No, I didn’t take yesterday off, I just oops’d! I thought I had a post ready to go for yesterday, and well, the day got away from me!
But! Back with it today. Today’s post is both a story and a lesson! Here at the Chamber, we talk to and work with businesses of all sizes and types; many are start-ups and others are businesses that go through challenges. While our primary organization role is to foster community & economic development, we do everything we can to give advice, support and resource lists and almost naturally become somewhat invested in their success. It can be emotional on all of us when things don’t go according to the original plan! Today’s guest article is written by one such member, David Rovinski. If you are a regular reader of Chamber Notes, you may recognize David’s name from his former company, Fluidity Business Planning Group. He has recently ended Fluidity and begun a new venture … no. Wait. I’ll let David tell you his story in his words with a postscript from me!
Over the past 3 years, I have taken up the challenge of starting my own business and have realized many things.
First off, when you start a business you are excited for the challenge and opportunity to make it a successful business. You create a business plan with products and services that you feel are marketable and profitable leading to success.
Over time, you realize that your assumptions on: the market opportunity, target customers, and ability to realize sales quickly, can all be in question. The struggles of a new business, low operating capital, and a small marketing budget can make “hanging in there” challenging.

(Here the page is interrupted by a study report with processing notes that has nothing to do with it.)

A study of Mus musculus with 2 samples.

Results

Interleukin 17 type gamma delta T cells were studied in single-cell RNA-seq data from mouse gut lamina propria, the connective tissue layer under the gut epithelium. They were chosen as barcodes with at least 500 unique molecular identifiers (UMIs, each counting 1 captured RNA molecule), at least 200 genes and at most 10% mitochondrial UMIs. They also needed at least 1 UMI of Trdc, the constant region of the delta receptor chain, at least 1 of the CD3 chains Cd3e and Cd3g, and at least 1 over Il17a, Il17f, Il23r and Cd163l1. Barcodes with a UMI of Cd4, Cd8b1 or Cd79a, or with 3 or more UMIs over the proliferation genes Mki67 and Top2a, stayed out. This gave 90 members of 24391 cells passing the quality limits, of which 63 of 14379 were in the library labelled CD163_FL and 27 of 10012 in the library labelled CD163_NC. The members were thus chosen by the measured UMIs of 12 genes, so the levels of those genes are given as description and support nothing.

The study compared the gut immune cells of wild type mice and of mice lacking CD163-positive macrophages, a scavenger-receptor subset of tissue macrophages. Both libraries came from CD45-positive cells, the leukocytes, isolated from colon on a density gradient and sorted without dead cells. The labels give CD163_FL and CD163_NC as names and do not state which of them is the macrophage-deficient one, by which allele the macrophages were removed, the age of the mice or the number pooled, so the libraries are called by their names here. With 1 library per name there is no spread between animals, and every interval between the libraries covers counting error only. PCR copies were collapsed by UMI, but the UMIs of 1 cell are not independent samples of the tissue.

I believe it is critical to provide a service that is marketable. It is necessary to look honestly and clearly at your services and make adjustments along the way.
I have recently started a new business called Business Growth Resources, LLC, that is focused on business development services that provide solutions to business growth problems. Prior to this venture, I was focused primarily at writing business plans for new businesses seeking financing, or existing businesses looking to expand.
What I found out over time was that the need for a business plan for financing was secondary to what banks look at. Personal financial statements, cash on hand, personal investment, and collateral are a major part of getting a loan.
Thus recognizing the demand for a business plan was limited, the need for strategic planning, new product development, and growth strategies was in greater demand for businesses looking to grow. This is what Business Growth Resources, LLC is now offering businesses in the area.
Looking at your new business honestly, recognizing shortfalls, identifying market opportunities, and having the courage to make changes for long-term growth is scary but can be rewarding and on the path to future business success.
Hope you enjoy some insight on starting and growing a small business.
I “like” David’s story, not because of his challenges, but because it is so REAL. Many, many entrepreneurs end up on the same path as David but a good percentage either don’t recognize where the path leads in time to make a course correction or recognize it but are just unable to adjust.
We’ll check in with David from time-to-time, both as interest and in thought that others can learn from his experiences. I’d love to know what you think and what your experiences have been with business growth and patterns.